Thursday March 27 2014

Empower adolescents to curb early pregnancy

By Dorman Ahumuza

Uganda’s population growth rate is at 3.2 per cent with a fertility rate of 6.7 (Uganda Demographic Health Survey 2006) children for every woman in reproductive age. Current figures estimate the population at 33 million and it is projected to rise to 104 million people by 2050. Thus, in 40 years, the health system will have to cater for an additional 70 million people.

The youth in Uganda account for 78 per cent of the population and 37 per cent are female youth according to the world population report 2010. It is estimated that 20 per cent of young women aged 20-24 in Uganda begin to engage in sex as early as 12 years!

Engaging in sexual activities at this stage is very risky as it exposes adolescents to early pregnancies, unsafe abortions, sexually transmitted infections, and sexual violence. Many young girls thus resort to crude methods to get rid of unwanted pregnancies thus a high prevalence of illegal abortions that, sometimes, end up in deaths.

It is worth mentioning that most young people cannot protect themselves because they lack information on where to go for adolescent sexual reproductive healthcare, and the majority are not empowered to negotiate for safe sex with their partners.

In addition, sexual and reproductive health programmes tend to ignore the social, cultural and economic factors that prevent young people from making healthy decisions and that contribute to their vulnerability to poor sexual and reproductive health outcomes, exposure to HIV, sexual violence and undesired or unsafe pregnancy.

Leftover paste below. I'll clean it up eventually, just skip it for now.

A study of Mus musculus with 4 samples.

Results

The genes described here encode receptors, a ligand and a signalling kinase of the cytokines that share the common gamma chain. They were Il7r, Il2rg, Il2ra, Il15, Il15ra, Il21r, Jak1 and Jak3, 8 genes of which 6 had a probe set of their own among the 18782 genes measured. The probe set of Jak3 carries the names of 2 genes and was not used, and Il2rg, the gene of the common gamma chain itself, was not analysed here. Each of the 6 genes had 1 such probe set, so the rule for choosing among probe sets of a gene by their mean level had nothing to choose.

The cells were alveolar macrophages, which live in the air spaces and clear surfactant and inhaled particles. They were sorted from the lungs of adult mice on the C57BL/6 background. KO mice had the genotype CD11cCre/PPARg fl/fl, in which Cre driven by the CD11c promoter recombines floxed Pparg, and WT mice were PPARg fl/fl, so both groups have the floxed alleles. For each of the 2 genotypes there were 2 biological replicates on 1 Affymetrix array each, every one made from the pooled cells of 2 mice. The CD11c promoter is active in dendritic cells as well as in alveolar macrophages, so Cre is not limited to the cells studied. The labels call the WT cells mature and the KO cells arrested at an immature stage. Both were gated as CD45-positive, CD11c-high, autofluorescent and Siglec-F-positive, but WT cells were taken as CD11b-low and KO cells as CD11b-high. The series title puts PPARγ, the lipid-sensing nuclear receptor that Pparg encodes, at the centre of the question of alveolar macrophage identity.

In light of the above statistical background, we need to invest heavily in adolescents’ sexual reproductive health. Taking a look at the Uganda national budget, adolescent reproductive health is majorly funded by donors. In addition, adolescents’ reproductive health should be fully integrated into the government sectors of education, and justice because it is a cross-cutting issue.

It is vital to involve the young people in providing information to break the silence about sexual coercion and violence, stepping up the fight against female genital mutilation and preventing early pregnancy. It is only when the reproductive health of young girls is prioritised that we will begin to see transformation in the lives of the young women in this country.